Friday, 17 December 2010

The one big reason why your online ads fail to convert

I see it time and time again. I can't take it any more.

This morning, I see a cute picture of a baby in a snow globe. Cootchy-coo! (and all that). The picture is an ad. So I click on it. Lo! and behold! I find myself on the Kodak Gallery website. Here's what I found:


I'm wondering to myself, how on earth do I get a snowglobe? That's what I want. That's why I've clicked. Yet there isn't a single mention of snow globe anywhere on the page. Not a word, nor a picture. I don't want calendars, cards or mugs. I don't want to share on Facebook.

Meanwhile, the publisher has made a little money either because they were paid by 1000 impressions or per click (unless it was an affiliate deal or on a cost per action basis). There was probably an intermediary ad sales house. It made money too. Kodak Gallery, however, lost money. It paid for advertising but didn't make a sale.

Thanks for (not) shopping!

While the page is quite nicely designed, as a landing-page it is a total user experience disaster.

There is no relationship between the page and the paid-for source from which the visitor came. There is no quicker way to baffle visitors to your site if you don't follow through with the offer. I arrived at the site looking for a snow globe but there was no snow globe on the page. As soon as the visitor has to think about how to get what they've come for, they will most likely hit the back button on the browser.

The URL is also a bag of unfriendly rubbish: http://www.kodakgallery.co.uk/Welcome.jsp?utm_source=30243&utm_campaign=30243&utm_medium=BAC&utm_content=300-250_swf_FL003_eindsl_KG101110_RES_UK_v003

Could they not do http://www.kodakgallery.co.uk/snowglobe ?

Take two
 
I then went and typed snow globe into my Google toolbar:

Top of the sponsored links, there's Kodak Gallery! Spending hard marketing cash on PPC Google AdWords. This time of year, I imagine "snow globe" is quite a competitive keyword. I wondered what would happen if I clicked on the link. Would I come to the same page as before or would there be a dedicated landing page?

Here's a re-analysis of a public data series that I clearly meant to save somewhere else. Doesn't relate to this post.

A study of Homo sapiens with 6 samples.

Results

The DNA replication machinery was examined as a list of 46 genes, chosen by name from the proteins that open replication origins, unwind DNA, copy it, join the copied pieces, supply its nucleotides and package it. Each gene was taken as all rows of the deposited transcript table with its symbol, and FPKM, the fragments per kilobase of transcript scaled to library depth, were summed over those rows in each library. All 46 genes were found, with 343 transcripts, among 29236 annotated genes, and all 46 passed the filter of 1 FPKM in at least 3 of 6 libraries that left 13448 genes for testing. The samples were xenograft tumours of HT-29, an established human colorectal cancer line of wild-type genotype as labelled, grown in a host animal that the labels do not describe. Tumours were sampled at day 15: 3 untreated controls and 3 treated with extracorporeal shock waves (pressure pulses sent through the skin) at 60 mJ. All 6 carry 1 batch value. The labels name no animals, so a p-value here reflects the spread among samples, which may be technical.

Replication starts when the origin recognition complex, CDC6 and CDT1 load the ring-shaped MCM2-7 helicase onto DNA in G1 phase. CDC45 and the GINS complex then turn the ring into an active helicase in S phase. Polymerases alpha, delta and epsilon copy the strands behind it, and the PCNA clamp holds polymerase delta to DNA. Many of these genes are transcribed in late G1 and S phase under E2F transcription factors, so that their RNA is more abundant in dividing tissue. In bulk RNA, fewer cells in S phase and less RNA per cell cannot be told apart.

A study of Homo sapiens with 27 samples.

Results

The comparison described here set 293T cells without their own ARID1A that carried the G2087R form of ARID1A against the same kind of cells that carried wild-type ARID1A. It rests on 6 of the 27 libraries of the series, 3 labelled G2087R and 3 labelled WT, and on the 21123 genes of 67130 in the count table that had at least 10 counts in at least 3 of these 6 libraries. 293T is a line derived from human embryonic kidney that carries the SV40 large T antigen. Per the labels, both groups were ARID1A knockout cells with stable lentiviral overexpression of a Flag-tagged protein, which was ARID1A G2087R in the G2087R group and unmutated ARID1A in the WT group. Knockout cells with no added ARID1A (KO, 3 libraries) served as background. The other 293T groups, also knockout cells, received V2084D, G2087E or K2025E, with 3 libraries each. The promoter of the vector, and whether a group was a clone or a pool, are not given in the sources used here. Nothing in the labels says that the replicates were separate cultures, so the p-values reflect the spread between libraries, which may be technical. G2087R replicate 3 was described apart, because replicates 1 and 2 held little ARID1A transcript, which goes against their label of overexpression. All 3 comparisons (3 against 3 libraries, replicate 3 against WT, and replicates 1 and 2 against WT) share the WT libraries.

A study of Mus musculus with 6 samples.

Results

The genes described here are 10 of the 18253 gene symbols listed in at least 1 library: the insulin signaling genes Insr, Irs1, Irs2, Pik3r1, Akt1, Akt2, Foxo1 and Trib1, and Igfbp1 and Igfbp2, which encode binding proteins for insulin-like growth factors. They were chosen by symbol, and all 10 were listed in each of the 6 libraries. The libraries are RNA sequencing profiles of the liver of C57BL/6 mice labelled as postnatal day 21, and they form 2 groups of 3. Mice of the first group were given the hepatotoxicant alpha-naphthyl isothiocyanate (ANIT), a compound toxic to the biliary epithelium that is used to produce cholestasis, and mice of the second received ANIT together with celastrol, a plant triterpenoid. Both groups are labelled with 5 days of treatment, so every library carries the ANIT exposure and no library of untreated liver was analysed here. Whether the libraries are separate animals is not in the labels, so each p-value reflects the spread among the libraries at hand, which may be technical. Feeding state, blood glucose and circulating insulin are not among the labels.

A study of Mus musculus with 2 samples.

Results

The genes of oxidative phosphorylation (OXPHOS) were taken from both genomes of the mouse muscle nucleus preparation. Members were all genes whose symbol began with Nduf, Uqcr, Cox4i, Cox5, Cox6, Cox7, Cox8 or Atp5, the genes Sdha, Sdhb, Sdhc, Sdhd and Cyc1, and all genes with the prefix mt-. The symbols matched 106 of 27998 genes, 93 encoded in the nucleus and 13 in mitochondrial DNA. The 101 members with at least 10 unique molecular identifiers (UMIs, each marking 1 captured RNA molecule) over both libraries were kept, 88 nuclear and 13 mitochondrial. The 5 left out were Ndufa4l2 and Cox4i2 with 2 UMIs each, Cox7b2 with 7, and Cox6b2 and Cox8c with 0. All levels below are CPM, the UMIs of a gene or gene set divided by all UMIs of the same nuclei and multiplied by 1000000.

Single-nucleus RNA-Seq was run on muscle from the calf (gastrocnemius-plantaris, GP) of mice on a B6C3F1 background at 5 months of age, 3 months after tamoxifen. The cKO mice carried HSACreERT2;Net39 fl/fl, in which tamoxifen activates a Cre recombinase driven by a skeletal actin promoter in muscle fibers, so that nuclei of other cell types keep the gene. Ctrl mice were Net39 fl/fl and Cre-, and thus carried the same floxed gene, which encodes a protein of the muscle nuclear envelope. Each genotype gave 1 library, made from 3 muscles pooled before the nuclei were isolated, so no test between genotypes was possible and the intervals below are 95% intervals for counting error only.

It was a dedicated landing page that looked like this:


3 for 2, the page cries out. Hang on, I don't need three snow globes: I don't even need two. I just want one snow globe made from a cute picture that I've taken. OK, they're going to make me work for it.

Let's scroll down... Calendars, Photo Books, Gifts. Well, I suppose it might be gifts. I'll take a closer look.


Here's what it says in the hard-to-read small print:
These personalised Photo Gifts are the perfect gifts every occasion. We have a range of photo gift ideas from Mugs to Crystals, and Teddybears.
No snow globe. I'm going to click anyway but by now you've probably lost your customer to the next sponsored listing on Google.

I scroll down the page past the 'Mugs' category, 'Wall Décor', 'Home Décor', 'Stationery', 'Games, toys and more'... it must be there. Oh, no. The stuff further down doesn't seem right. Let's go back up. Maybe Home Décor is what I want.

And indeed it is!

But the picture's different to the one I saw earlier and I don't like this one so much. Meh, it was a dumb idea anyway.

How Kodak Gallery might improve its results
  1. Fashion a landing page which deals only with snow globes.
  2. Make an offer in the ad (for example 3 for 2, or 25% off until Christmas) and convey the same offer on the landing page.
  3. Have one stand-out call to action on the page: 'Upload a picture and get started'.
  4. Get a friendly URL. http://www.kodakgallery.co.uk/snowglobe is currently unused.
Rinse and repeat for each product on sale.

Any other thoughts?

In the meantime, search Amazon.com for books on 'user experience'.